Building a wall between the United States and Mexico, one of President Donald Trump's primary campaign points, will pose many hurdles before its truly actualized. The first hurdle Trump must scale is acquiring funding for such a project. Though he claimed that Mexico would pay for the wall all on its own, Trump's insistence on a severe, domestic tax hike sounds a lot like American people will be shouldering the financial stress instead. A 20 percent tax on Mexican imports would affect American families deeply, restricting access to necessary goods by making them too expensive for purchase.
The website for the Office of the U.S. Trade Representative shares that, in 2015, Mexico was the United States' second largest agricultural imports provider. Of the $21 billion in agricultural imports that the United States brought in, $4.8 billion was attributed to fresh vegetables from Mexico and $4.3 billion to fresh fruit, which are the two leading categories of Mexican agricultural imports. Avocados, tomatoes, and berries are the United States' primary Mexican agricultural imports, and as such, it would undoubtedly raise prices for American consumers down the line.
Taxing produce to this extreme extent would most heavily impact households that are struggling financially, whose bulk of their budget is devoted to securing food. Unlike certain industries which could, hypothetically, move to the United States to keep jobs local and boost our nation's economy from within, agriculture is most abundant when crops are planted in favorable conditions. Certain climates lend themselves better to certain crops, so the importing of these goods is actually a more efficient use of resources.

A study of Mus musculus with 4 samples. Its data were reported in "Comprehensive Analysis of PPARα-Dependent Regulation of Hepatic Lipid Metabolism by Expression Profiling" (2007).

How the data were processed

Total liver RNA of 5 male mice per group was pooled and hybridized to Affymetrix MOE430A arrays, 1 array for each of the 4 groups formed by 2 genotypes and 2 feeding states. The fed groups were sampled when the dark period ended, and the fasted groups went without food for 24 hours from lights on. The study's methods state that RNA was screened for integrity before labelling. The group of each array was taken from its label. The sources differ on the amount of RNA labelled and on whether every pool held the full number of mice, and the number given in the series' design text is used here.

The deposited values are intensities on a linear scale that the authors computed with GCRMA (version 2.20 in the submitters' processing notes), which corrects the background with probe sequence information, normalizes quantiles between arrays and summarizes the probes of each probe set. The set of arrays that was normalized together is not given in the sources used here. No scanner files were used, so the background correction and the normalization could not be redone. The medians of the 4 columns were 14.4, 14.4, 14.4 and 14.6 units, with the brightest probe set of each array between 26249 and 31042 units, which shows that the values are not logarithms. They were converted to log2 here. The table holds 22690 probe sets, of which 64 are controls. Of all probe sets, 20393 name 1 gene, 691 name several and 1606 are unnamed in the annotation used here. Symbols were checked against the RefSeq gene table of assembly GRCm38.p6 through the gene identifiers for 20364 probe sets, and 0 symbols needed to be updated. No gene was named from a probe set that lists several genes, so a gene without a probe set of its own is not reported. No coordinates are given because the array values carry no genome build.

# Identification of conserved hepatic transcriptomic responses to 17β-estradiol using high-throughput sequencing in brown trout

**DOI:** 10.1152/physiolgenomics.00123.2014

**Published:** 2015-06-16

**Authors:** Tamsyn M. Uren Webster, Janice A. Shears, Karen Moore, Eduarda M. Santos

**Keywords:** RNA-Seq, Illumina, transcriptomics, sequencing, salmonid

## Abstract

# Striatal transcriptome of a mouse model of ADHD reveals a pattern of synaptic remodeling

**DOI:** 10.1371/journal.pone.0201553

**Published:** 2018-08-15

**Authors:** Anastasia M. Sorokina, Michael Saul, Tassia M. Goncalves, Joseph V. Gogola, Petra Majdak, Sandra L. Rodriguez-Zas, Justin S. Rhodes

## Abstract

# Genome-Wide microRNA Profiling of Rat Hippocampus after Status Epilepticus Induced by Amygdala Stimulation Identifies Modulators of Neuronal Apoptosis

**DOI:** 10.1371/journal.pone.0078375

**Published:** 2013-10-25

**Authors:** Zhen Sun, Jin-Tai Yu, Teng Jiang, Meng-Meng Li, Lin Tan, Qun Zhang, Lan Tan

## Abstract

The news of Trump's 20 percent tax increase was shared by White House Press Secretary Sean Spicer on Thursday, while aboard Air Force One. Spicer estimated that the tax would generate $10 billion per year, which would "easily pay for the wall," he asserted.
But a tax increase on Mexican imports is just the beginning. The administration intends to impose more tax increases on countries "that we have a trade deficit from, like Mexico,” Spicer shared. The most recently announced measure has already reportedly been discussed with congressional Republicans, though, The New York Times notes, "Trump would need new legislation to enact such a comprehensive tax on Mexican imports."
For so many, spending more on on groceries isn't just unfathomable, it's impossible. Spicer's insistence that this solution was arranged in a "way that the American taxpayer is wholly respected" fails to respect low-income families who rely on imported Mexican agricultural products in order to feed themselves each day, and whose chosen products would inevitably be affected by the border tax, despite Spicer's comments. Trump appears to be respecting his campaign promises first, not the American taxpayer.